I used to be bad with names, and I was OK with it. That’s until I met Ray.

Ray and I were slated to direct a middle school retreat at Lakeside Bible Camp, where we expected to have 100+ kids show up from Friday evening to Sunday afternoon. And during our preparations for the weekend, Ray said something that changed my life. He said he’d know every kid’s name before lunch on Saturday.

“That’s impossible!” I said. “I couldn’t do that. I’m bad with names.”

“The only reason you’re bad with names is that you don’t care,” he replied. “If you really wanted to get to know these kids, you’d learn their names. It’s as simple as that.”

Ray was not the most energetic youth worker and I had way better game ideas than he did, but the kids gathered around him. Kids would walk up to him and say, “What’s my name?” And he’d tell them.

They loved him because he knew them.

Names are essential to personal relationships. Until we know someone’s name, we’re dealing with a unit, not a person. And who wants to be a unit?

As I said, that weekend changed me. I began putting real effort into getting to know people’s names, realizing I’d never really tried before. And when I became a pastor, I knew everyone’s name by the end of the first Sunday with them. It was all in the wanting, and I wanted to. Ray had discipled me in name-learning.

At the heart of Christian faith is a name: Jesus. We can know him because he has a name. And we can know we’re known by him because he knows our names.

Jesus said this of himself:

The one who enters by the gate is the shepherd of the sheep. The gatekeeper opens the gate for him, and the sheep listen to his voice. He calls his own sheep by name and leads them out. When he has brought out all his own, he goes on ahead of them, and his sheep follow him because they know his voice. … I am the good shepherd; I know my sheep and my sheep know me (John 10:2-4, 14).

Easily the worst translation choice with the Hebrew Scriptures was to follow the Jewish reading tradition of not saying the name Yahweh to keep from saying it in vain. Where Jews substitute the word adonai (Hebrew: Lord) for the name, Christian translators have substituted the all-caps word LORD. Because of this, we have a major disconnect with God when we read the Old Testament, having lost his personal name. And so we capitalize the generic word “god” and treat it as if it were a name, knowing full well it isn’t.

Psalm 6 just comes across as whiny when the name Yahweh is replaced by LORD. Because it’s such a personal psalm, it requires a personal God.

How can we expect God to be personal with us if we’re not personal with him?

And Psalm 6 oozes with the personal. In 10 verses, it uses 20 times the Hebrew suffixes that we translate as I, me, and my. My bones. My soul. My groaning. My bed. My couch. My eyes. My foes. My weeping. My cry for mercy. My prayer. My enemies. And at the head of the psalm is a name, David, giving all of this personal expression a name to attach it to.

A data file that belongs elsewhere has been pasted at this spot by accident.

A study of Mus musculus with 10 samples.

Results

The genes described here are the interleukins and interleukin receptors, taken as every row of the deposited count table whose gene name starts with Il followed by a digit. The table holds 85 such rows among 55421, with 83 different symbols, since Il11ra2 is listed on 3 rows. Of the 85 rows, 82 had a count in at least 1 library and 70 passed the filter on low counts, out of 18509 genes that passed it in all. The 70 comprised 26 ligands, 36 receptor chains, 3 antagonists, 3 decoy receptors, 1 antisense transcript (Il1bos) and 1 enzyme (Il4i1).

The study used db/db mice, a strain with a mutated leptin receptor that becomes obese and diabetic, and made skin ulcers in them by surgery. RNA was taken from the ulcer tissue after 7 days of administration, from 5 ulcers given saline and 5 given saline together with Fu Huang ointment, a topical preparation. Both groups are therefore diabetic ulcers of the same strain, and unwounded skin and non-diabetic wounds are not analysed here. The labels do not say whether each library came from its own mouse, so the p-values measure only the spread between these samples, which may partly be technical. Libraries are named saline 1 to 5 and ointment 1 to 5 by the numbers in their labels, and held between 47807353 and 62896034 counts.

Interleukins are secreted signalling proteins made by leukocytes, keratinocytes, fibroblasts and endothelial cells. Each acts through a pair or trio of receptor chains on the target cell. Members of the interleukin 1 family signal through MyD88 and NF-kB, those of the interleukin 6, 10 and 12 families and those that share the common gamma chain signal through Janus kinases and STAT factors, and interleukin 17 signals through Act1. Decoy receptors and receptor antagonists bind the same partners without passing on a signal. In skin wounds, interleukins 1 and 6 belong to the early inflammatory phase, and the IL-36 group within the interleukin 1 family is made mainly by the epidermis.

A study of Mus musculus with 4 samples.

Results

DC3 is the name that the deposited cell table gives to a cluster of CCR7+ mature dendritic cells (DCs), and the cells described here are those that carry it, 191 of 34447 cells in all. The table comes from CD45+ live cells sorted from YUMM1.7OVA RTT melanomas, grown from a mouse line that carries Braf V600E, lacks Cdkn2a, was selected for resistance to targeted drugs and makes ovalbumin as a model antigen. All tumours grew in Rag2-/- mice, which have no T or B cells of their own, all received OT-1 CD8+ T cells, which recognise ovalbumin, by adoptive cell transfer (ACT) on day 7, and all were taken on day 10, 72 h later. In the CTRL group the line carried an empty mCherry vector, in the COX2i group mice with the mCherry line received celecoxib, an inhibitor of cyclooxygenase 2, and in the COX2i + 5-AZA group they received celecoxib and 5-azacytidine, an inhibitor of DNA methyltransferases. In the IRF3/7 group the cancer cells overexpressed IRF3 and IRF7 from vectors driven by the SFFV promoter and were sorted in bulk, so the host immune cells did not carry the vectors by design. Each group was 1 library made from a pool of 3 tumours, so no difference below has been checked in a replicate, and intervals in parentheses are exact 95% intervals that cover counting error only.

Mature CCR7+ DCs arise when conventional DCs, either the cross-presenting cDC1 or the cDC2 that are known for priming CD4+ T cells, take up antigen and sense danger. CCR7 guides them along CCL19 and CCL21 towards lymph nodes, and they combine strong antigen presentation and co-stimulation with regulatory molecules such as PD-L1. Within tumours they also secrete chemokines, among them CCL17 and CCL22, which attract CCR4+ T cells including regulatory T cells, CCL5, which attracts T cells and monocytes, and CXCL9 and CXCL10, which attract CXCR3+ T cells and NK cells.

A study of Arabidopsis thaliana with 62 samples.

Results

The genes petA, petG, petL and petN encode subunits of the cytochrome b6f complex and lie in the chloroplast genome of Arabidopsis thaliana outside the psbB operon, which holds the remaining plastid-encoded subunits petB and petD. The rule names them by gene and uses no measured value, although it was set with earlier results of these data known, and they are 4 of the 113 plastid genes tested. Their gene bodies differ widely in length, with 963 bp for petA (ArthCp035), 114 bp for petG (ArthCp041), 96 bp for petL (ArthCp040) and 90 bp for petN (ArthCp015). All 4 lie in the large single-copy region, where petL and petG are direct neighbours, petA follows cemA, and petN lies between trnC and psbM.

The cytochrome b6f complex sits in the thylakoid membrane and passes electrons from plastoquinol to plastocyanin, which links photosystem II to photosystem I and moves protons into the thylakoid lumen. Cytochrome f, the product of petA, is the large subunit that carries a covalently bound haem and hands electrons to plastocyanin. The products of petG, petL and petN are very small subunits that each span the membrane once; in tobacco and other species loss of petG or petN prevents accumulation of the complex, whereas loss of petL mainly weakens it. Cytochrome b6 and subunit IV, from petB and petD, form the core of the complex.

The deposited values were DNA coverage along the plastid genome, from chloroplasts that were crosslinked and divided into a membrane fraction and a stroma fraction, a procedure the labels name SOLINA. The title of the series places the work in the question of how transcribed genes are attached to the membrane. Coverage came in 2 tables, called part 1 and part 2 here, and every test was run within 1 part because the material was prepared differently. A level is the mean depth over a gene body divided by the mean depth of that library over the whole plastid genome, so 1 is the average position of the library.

And the very first word of the psalm? Yahweh. A name.

David isn’t speaking to the ceiling. He’s not whistling in the dark. He’s talking to a person. The Person. He’s not wishing upward. He’s opening up his heart to Yahweh. This is intimate, visceral.

Eight times, the name Yahweh is called on. And right in the very middle of the psalm is the poetic center, the axis on which the entire psalm prayer moves.

Among the dead no one proclaims your name.
    Who praises you from the grave? (Ps. 6:5)

My Mom (her name is Kathleen) died a few months ago. I used to see her every day. But even more than that, I used to hear her say my name every day. I don’t anymore.

That’s what David’s getting at here. This isn’t a theological statement about the silence of the dead. It’s a personal truth: If I die, you won’t hear me say your name any more.

If I die, my prayers die. My voice saying your name goes out of the world.

Yes, on this side of the resurrection of Jesus, we have hope for resurrection ourselves, since he is the firstborn from among the dead, and the Spirit is the deposit guaranteeing our inheritance. And yet, something is lost in this world — our voices saying the Name.

As David winds up the psalm, he matches his personal pleas — my weeping, my cry for mercy, my prayer — with God’s personal responses — Yahweh has heard, Yahweh has heard, Yahweh accepts.

Away from me, all you who do evil,
    for Yahweh has heard my weeping.
Yahweh has heard my cry for mercy;
    Yahweh accepts my prayer (Ps. 6:8-9).

The personal meets the personal. The relationship is confirmed regardless of the surrounding circumstances. Circumstances are always secondary to relationships.

The psalm rises or falls on the relationship, not on the circumstances. The names determine everything. Speaking. Listening. Responding. Loving.

After his fifth use of the name Yahweh, David drops in the key Hebrew word associated with the Name: chesed. Translated as mercy, lovingkindness, unfailing love, faithfulness, chesed combines all of those relational aspects together.

Turn, Yahweh, and deliver me;
    save me because of your unfailing love (Ps. 6:4).

Using the name Yahweh always has chesed in mind — God tied to his people by the bonds of covenantal love to which he will always be faithful. A whole complex relationship is tied up in the use of the name. It always is.

Ray was right. There is no relationship without names. Learning a name opens up the possibility of relationship. Continuing to use a name opens up all kinds of complexities, nuances, and flavors in a relationship.

“God” isn’t God’s name. Yahweh. Abba. Jesus. Now, those are names to build a relationship on.